Ah, it’s over. My favorite time of the year: Christmas. I believe that I can say, finally, I am maxed out on the festivities. Oh, I don’t mean that I am tired of the actual reason that we celebrate Christmas; that is a year-long, life-long celebration. Rather, I am maxed out on the trappings of the season.
I am tired of smelling chocolate. Is that possible? My drapes smell like chocolate. My carpet smells like dogs, and chocolate. The smell of peppermint still hangs in the air throughout my house, much like the smell of burned food hangs around for a day or two. My vacuum cleaner smells like a Frasier Fir. The two jugs of eggnog in our spare refrigerator loom larger and larger every time I open the door. I should probably just go ahead and throw them away, as I know for a fact that no one will open them, much less drink them.
Our kitchen cabinets are still heavily laden with plastic- and tin foil-covered trays of homemade confections from friends and neighbors. Four flavors of fudge – totaling about six lbs. in weight - are beginning to harden and crumble. Breads are drying out. And still, the smells of all these treats hang like a sweet sugar plume over a deserted granite-and-stainless steel Chernobyl. I have cooked two actual meals since the end of November: one for Thanksgiving and one for Christmas. The rest of the foods eaten in our home have been hors d’oeuvres and anything that can be paired with fudge and peppermint. And wine.
I have overdosed on entertaining guests, as well. I love our family and friends, but I have discovered a couple of things about our home this holiday season, things I hadn’t noticed before. First, a pack of four dogs is as easily excitable and as easily overwhelmed as is a preschool class of two-year-olds, and it’s just as hard to get them quiet once they get wound up. The sound of a doorbell drives our dogs absolutely insane, and our doorbell has rung approximately five hundred times since Christmas Eve. Of course, this is the first Christmas ever that we have had four dogs (the ringleader a Chihuahua). They outnumber the human occupants of our home, which is becoming a problem.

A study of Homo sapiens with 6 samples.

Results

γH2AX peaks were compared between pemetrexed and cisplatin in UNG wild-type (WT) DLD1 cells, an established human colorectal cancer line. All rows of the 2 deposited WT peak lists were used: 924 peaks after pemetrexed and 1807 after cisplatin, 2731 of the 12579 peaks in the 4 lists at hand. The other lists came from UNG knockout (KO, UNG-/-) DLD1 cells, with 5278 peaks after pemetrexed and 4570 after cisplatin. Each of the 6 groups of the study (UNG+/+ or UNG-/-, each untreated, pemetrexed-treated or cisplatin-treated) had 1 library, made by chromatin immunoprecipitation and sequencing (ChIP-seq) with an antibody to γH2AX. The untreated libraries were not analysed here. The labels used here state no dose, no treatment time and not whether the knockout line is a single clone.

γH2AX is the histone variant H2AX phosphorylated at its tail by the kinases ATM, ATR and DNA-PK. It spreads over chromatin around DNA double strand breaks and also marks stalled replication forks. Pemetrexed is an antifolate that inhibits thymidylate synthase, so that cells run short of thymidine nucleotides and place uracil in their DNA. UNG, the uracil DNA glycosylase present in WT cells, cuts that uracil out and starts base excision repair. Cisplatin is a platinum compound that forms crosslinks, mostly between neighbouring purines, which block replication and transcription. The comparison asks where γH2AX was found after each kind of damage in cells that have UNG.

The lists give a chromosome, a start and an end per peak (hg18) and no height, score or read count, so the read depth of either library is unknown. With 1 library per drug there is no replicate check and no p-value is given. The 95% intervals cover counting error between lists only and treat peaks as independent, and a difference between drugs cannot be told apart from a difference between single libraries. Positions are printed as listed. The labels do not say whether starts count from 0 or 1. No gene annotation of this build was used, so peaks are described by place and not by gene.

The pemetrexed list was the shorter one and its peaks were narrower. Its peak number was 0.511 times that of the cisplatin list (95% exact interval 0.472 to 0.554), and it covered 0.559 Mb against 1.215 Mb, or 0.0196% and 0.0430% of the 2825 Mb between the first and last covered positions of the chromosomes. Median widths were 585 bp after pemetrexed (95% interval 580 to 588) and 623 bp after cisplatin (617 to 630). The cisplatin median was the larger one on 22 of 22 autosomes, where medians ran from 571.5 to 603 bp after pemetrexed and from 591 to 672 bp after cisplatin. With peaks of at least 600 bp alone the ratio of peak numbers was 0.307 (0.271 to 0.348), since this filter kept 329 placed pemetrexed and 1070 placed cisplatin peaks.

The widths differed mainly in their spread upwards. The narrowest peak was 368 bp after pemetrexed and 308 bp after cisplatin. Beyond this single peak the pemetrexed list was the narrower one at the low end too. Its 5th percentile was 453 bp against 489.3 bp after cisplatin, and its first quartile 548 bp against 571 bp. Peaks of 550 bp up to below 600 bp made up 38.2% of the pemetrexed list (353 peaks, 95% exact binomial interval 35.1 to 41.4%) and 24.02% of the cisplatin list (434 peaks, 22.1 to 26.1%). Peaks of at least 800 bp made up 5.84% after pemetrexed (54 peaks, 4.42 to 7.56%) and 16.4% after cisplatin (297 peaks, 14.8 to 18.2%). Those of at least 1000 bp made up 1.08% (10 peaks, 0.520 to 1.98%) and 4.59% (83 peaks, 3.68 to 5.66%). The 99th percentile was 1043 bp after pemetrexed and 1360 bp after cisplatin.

Second, our house is not baby proof. This is the first year that we’ve had a grandchild, and as a result, I feel as though our entire home is a veritable death trap when she’s here. I worry myself silly that she’ll bump her head, ingest something pointy or toxic, or stick her little fingers into a wall socket. Of course, these worries are unfounded, as she has only just begun to sit up by herself; she’s not mobile. Still, I can’t help worrying.
I sound like a grouch, I know, and that is certainly not my intent. The last quarter of every year is my absolute favorite time on the entire calendar. I over-do, and I always have. And every year the Big Day passes, and I am left exhausted, vowing not to over-do again next year. We shall see.
I am happy to say that our New Year’s Eve plans include just my husband and me, sitting quietly at home, enjoying a fire and some simple fare.
Unless the doorbell rings.
Happy New Year to you and our families, and here’s to a relaxed and peaceful one!
Carole Townsend is a Gwinnett author and freelance writer. She writes about family, from both a humorous and poignant perspective. Her newest book, MAGNOLIAS, SWEET TEA AND EXHAUST (July 2014, Skyhorse Publishing) takes a look at NASCAR from a Southern suburban mom’s perspective. She is currently writing her fourth book. Carole has appeared on local and national news and talk shows, including CNN, ABC, CBS and NBC affiliates. When not writing, she travels throughout the region, speaking to various civic and literary groups, and advocating for the health and well-being of the family, particularly women and children. For more information, visit www.caroletownsend.com.